Police officers in the Netherlands are planning to disrupt next month’s Grand Départ of the Tour de France as part of an ongoing dispute over pay, including bringing the race to a halt on Rotterdam's Erasmus Bridge.
The Nederlands Politiebond (NPB) union says members will hold a protest bike ride in Utrecht on Saturday 4 July, lasting one hour before the opening time trial stage of the 102nd edition of the race.
The following day, officers in hi-visibility vests will carry out vehicle checks on the Tour’s publicity caravan as it crosses the Erasmus Bridge midway through Stage 2 from Utrecht to Zeeland.
According to the NPB, the action will continue “until it becomes clear in the live broadcasts in several European countries that the riders of the Tour de France are at a standstill due to police officers campaigning for better conditions.”
Officers in hi-vis will be accompanied by police vehicles and boats on the New Meuse which flows beneath the iconic bridge, a symbol of the city and which featured in the Prologue of the 2010 Tour, hosted by Rotterdam.
With the structure certain to feature in TV footage again this year, police officers will continue their protest as the peloton passes.
The NPB says the bridge has also been chosen as the venue for the protest on Stage 2 because there will be no public access to it, meaning the demonstration can proceed safely.
The union is not actively involved in organising the action but it has given its blessing and is calling on as many of its members as possible to take part and for officers on duty to let it proceed.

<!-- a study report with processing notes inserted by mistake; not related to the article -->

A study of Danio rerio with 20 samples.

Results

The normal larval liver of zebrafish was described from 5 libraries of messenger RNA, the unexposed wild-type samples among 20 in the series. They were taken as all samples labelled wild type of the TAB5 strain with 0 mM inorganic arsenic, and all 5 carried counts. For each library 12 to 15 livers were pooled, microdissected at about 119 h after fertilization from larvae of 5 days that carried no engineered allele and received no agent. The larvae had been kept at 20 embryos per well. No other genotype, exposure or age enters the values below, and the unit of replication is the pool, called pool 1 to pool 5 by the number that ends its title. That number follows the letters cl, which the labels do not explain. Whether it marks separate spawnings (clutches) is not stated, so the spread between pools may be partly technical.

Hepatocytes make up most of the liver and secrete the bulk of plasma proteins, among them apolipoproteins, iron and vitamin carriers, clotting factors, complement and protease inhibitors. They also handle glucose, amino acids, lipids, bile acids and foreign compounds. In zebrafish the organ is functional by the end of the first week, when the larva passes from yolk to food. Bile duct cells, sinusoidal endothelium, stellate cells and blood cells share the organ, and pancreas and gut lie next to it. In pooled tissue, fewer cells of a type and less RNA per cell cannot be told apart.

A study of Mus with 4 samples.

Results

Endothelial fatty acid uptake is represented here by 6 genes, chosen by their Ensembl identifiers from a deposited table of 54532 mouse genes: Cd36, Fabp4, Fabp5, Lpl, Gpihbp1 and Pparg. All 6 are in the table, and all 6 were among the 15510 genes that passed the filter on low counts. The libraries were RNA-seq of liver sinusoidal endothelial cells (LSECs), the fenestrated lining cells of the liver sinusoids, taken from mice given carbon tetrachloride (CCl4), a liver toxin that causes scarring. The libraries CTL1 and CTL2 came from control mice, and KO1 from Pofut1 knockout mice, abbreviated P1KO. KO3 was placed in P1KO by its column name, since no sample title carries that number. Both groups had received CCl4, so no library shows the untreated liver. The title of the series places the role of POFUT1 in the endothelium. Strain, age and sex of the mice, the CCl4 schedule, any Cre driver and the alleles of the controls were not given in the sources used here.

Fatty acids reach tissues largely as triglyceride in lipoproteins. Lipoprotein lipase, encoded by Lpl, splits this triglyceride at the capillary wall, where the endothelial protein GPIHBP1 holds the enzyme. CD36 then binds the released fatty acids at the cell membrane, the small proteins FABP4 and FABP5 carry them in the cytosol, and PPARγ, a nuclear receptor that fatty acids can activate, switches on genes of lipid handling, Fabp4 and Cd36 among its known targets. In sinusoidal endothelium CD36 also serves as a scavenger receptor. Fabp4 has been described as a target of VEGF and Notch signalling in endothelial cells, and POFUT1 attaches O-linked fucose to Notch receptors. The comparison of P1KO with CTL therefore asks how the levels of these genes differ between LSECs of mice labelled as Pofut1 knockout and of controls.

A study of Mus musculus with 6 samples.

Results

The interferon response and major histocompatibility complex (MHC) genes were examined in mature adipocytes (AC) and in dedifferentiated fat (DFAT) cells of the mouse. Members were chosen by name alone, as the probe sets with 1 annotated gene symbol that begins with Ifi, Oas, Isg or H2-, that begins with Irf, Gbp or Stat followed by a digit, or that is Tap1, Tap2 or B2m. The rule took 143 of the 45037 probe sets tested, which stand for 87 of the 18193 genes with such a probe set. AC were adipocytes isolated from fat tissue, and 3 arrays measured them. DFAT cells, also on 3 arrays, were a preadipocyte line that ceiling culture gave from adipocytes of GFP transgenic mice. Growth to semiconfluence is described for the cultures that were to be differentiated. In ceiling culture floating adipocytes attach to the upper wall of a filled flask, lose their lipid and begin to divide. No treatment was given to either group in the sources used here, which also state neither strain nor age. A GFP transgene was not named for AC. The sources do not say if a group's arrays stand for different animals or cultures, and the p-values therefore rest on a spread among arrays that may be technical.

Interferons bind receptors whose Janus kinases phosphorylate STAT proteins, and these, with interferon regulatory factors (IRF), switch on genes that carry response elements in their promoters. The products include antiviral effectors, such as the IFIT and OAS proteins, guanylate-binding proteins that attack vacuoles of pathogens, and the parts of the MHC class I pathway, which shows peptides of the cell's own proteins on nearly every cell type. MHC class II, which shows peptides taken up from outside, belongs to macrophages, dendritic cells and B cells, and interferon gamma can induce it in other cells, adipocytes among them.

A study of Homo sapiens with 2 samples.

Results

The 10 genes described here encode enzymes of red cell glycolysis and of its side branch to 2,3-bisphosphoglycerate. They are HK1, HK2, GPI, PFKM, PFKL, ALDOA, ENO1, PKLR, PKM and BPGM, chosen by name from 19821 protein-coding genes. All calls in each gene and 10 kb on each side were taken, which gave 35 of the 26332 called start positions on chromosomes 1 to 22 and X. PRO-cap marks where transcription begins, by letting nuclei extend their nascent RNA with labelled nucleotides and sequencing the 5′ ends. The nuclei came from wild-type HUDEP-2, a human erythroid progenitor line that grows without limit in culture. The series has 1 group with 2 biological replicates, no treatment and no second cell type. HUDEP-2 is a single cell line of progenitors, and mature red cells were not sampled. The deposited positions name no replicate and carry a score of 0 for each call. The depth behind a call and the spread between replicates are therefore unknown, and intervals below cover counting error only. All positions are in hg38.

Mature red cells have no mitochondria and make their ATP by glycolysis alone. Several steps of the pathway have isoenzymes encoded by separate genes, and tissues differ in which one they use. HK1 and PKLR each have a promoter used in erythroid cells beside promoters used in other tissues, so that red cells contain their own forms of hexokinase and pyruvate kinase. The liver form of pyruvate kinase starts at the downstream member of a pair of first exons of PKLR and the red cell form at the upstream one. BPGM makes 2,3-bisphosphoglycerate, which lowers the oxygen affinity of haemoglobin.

A website, branded Toer de CAO – the acronym refers to the collective bargaining agreement process that is common in Dutch industrial relations – has been set up so participants can register and find out more.
The pay dispute has been ongoing for three months, with the NPB demanding an increase of 3.3 per cent among other things, and the union says that the planned protests at the Grand Départ will be followed by others targeting high-profile events during the summer.
Simon joined road.cc as news editor in 2009 and is now the site’s community editor, acting as a link between the team producing the content and our readers. A law and languages graduate, published translator and former retail analyst, he has reported on issues as diverse as cycling-related court cases, anti-doping investigations, the latest developments in the bike industry and the sport’s biggest races. Now back in London full-time after 15 years living in Oxford and Cambridge, he loves cycling along the Thames but misses having his former riding buddy, Elodie the miniature schnauzer, in the basket in front of him.